Do you ever find yourself using the wrong words to explain something or have you used the wrong word in the wrong sentence? Most of us have faced the issue of using the wrong word at the wrong time. Well, we might be able to solve some of those problems. Today we will discuss how to correctly use the words “Do” and “Make”.
When we talk about the words “do” and “make”, we often confuse their usage. This happens due to the fact that these two words point towards the same thing. They have a similar meaning with a slight difference. This article will clear that out for you.
The word “do” is used in three different situations. But the word is essentially used to focus on a certain activity or a specific procedure.
The three cases where you can use the word:
No product Produced: There are times when we use the word where the act or the activity is yet to produce an outcome. In other words, the word is used in a sentence which does not produce any physical outcome.
- I will do my homework in an hour.
- Amar said he will do the housework while Susan attended the meeting.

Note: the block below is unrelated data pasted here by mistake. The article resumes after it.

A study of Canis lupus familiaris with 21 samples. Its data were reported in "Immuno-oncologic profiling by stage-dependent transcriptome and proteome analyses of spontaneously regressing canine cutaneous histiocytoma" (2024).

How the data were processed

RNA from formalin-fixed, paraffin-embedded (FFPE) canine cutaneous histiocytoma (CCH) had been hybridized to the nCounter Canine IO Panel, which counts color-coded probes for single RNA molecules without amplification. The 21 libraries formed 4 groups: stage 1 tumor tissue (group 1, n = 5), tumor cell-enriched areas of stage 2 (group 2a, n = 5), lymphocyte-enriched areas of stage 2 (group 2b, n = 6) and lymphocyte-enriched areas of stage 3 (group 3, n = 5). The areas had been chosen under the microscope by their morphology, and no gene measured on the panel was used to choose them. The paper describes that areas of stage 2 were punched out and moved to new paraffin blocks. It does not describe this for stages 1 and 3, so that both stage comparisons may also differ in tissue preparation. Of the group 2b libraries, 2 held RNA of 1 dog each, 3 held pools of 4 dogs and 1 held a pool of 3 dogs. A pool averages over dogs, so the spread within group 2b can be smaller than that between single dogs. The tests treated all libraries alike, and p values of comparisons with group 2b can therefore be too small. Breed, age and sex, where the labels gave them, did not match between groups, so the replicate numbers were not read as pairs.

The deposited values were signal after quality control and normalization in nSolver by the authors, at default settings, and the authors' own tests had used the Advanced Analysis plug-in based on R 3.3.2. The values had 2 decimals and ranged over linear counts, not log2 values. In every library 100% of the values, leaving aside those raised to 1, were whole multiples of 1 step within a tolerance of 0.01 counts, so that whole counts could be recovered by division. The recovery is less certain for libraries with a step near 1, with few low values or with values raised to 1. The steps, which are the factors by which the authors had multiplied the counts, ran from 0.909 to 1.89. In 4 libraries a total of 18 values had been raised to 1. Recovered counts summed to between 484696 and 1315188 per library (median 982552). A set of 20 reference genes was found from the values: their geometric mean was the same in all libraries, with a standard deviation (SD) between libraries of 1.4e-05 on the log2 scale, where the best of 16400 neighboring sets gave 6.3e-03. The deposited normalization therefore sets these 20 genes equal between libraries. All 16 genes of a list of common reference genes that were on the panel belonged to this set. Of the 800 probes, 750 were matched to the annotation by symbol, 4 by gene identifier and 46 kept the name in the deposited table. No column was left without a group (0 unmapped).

- I was told that I wasn’t supposed to do anything for the day.
Activity without Specifics: In this case “do” is used before a thing or something or anything. Anything here literally means before anything. These sentences talk about an activity without giving any specific details about the activity’s end product.
- The sales lady asked me if she could do anything to help me.
- “Why are you standing there? Do something!” yelled my mother.
- Do something about this situation before it is too late.
Where “do” Replaces Verb: In some cases, the word “do” replaces a verb in the sentence and points at some obvious thing or some obvious end product. You will generally find this in informal English speech.
- Josh said he will do the essay tomorrow morning. ( Here “do” replaces write )
- I still have to do the dishes; will put the clothes in the washing machine? ( Here “do” replaces wash)
- I need to do my hair first. ( Here “do” replaces comb)
In a nutshell, make is used in a sentence where something is being produced or is being constructed. There are five ways of using “make” or of using other variants of the word “make” in a sentence.
In Food and Drinks:
- I will make a cake for this Christmas.
- Shall I make a cup of tea for you two?
In a Manner of Speaking or Making Sounds:
- Why are you making weird sounds?
- But I already made a promise.
In the Manner of Stating Origin:
- This ring is made of Gold and Silver.
- These chocolates were made in Switzerland.
While Delivering an Action or Reaction:
- Her visit made me happy.
- Don’t blame me, my mother made me do it!
Used with Nouns for Plans or Decisions:
- Drake is making the arrangements for our holiday.
- I am sorry I can’t go with you, I already made plans with someone else.